Germany's humiliating defeat of once-proud Brazil has left one nation looking longingly in the mirror of history and the other reflecting on a stunning transformation that was more than a decade in the making.
It was an uncharacteristically poor showing at Euro 2000, where Germany finished bottom of their group, that was the catalyst for change. The disastrous showing - Germany managed just a solitary point, against Romania, led to the overhaul of the nation's entire German youth system. How they are reaping the rewards now.
The football authorities, backed by the clubs, decided that a change in philosophy was just as necessary as a change in coaching. They wanted flexible players, capable of playing in between the lines and in any fluid formation. It was a far cry from the straight-lined rigidity that defined Die Nationalmannschaft for so long.
Loading article content
According to Robin Tutt, sporting director of the German Football Association, it was decided "the development of more technically proficient homegrown players would be in everyone's best interests". That included creating academies across the top two divisions in Germany. More than that, it relied on all clubs buying into the same philosophy and working together.
Apart from investing financially in their academies, it was understood that clubs had to put their trust in them. This gentlemen's agreement was put into writing in 2005 when it was agreed that, for the following season at least, four locally produced players must be enrolled in each first team. By 2008 that number had doubled, evidence of both the commitment of the clubs to the cause and also the positive reaction that had greeted the rule change.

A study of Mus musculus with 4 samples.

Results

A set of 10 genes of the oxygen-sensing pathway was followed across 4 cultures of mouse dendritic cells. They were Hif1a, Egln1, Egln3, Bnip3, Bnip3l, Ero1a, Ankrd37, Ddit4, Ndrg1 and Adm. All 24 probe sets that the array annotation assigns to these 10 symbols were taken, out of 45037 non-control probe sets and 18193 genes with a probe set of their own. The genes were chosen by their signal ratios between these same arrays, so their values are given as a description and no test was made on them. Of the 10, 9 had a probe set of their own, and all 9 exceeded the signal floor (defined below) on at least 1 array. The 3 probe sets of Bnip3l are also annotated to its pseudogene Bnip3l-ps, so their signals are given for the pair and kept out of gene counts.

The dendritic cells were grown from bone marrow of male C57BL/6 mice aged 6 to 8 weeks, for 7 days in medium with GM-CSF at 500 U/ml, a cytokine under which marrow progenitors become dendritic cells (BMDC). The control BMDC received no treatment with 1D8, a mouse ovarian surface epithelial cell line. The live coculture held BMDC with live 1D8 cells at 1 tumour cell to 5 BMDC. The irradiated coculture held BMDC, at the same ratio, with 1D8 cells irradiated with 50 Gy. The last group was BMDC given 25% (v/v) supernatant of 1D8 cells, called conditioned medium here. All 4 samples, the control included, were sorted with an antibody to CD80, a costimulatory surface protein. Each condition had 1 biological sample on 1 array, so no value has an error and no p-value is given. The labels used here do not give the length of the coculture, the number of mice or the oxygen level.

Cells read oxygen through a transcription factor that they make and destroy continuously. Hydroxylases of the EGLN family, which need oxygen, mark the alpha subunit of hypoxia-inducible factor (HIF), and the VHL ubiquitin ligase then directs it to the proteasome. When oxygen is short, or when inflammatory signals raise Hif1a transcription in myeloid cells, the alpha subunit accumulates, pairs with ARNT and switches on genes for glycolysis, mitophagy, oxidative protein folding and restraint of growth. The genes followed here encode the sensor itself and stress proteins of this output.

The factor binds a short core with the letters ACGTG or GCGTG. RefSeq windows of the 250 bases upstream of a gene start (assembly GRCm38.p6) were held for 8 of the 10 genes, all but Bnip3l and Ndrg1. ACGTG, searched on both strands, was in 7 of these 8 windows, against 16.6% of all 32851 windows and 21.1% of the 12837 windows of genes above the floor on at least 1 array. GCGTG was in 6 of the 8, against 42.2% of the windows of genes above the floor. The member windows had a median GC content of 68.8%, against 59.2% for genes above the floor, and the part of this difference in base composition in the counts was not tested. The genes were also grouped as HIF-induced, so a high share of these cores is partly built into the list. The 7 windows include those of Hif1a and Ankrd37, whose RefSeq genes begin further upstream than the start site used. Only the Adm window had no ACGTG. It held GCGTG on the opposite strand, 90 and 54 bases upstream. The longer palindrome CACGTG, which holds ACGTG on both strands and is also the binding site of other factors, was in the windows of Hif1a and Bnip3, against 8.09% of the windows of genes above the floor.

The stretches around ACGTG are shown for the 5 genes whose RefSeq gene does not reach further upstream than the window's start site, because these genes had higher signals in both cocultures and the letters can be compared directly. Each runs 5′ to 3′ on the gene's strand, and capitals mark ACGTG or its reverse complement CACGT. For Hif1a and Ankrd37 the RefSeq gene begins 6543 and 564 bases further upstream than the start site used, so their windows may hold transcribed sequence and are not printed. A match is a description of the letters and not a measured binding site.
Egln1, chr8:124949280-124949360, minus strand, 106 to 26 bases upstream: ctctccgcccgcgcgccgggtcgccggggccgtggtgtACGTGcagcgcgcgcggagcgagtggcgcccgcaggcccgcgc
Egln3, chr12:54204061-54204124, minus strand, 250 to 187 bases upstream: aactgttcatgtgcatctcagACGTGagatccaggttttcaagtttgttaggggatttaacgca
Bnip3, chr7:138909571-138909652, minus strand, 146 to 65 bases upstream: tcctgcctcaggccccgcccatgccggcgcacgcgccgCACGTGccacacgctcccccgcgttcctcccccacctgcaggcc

The level of technique in Germany has improved exponentially since the turn of the millennium. There are now more than 28,000 coaches in Germany who boast a UEFA B-licence, while there are just under 6000 who hold the A-licence certificate. With a little over 1000 coaches possessing the pro-licence it is easy to see why talents such as Mario Goetze and Julian Draxler are no longer a rarity in the Bundesliga.
However, the cold, hard numbers do not do the German system justice. The focus for their coaches is not about winning matches, it is about the joy of the game and player improvement, both technically and mentally. Understanding the game without the ball is just as important as the 40-yard diagonal pass, which is why the SC Freiburg manager Christian Streich insists on his academy players receiving 34 hours of schooling per week. "We need intelligent players on the pitch," he said.
This investment in youth football has started to pay dividends. The game against Brazil, although a freak in terms of result, was not a one-off when looking at Germany on the world stage. Since 2006 they have now reached two finals and three semi-finals in major international competitions and there is great expectation that this 'golden generation' will lift the World Cup. If they fail, it will not be through a lack of tournament experience. These players know each other inside out and that can count for a lot. Six of last night's starting 11 - Manuel Neuer, Jerome Boateng, Benedikt Hoewedes, Mats Hummels, Sami Khedira and Mezut Oezil - were all in the team which won the Under-21 European Championship in 2009.
The notion that anyone can leapfrog junior tournaments into the senior team is brushed aside. Success of the senior team is rooted in the age-group structure where players compete and grow as a unit.
The camaraderie at national level is firmly backed by the clubs. Even the major players in German football, Bayern Munich and Borussia Dortmund, bring players up together. Bayern's double winners last year had 16 homegrown players, including match-winner Thomas Mueller and captain Phillip Lahm. And although an injury-ravaged Dortmund did not win any silverware, they could boast a Champions League quarter-final to complement their runners-up medals in the German Cup and Bundesliga - all managed with 19 German players, many of whom were locally produced, including the darling of German football Marco Reus.
Contrast the situation in Britain. In last season's Champions League squads, Celtic and Manchester United between them could muster only one more homegrown player than Dortmund on their own.
So, in the space of 10 years Germany has revamped its national game while remaining competitive in club football. Since that horror show in the European Championship 14 years ago, Germany has not just produced many a world-class footballer, it has banished a stereotype.
In what will forever be known as "that night in Belo Horizonte", the single-minded approach to improving the national game was validated on the biggest stage.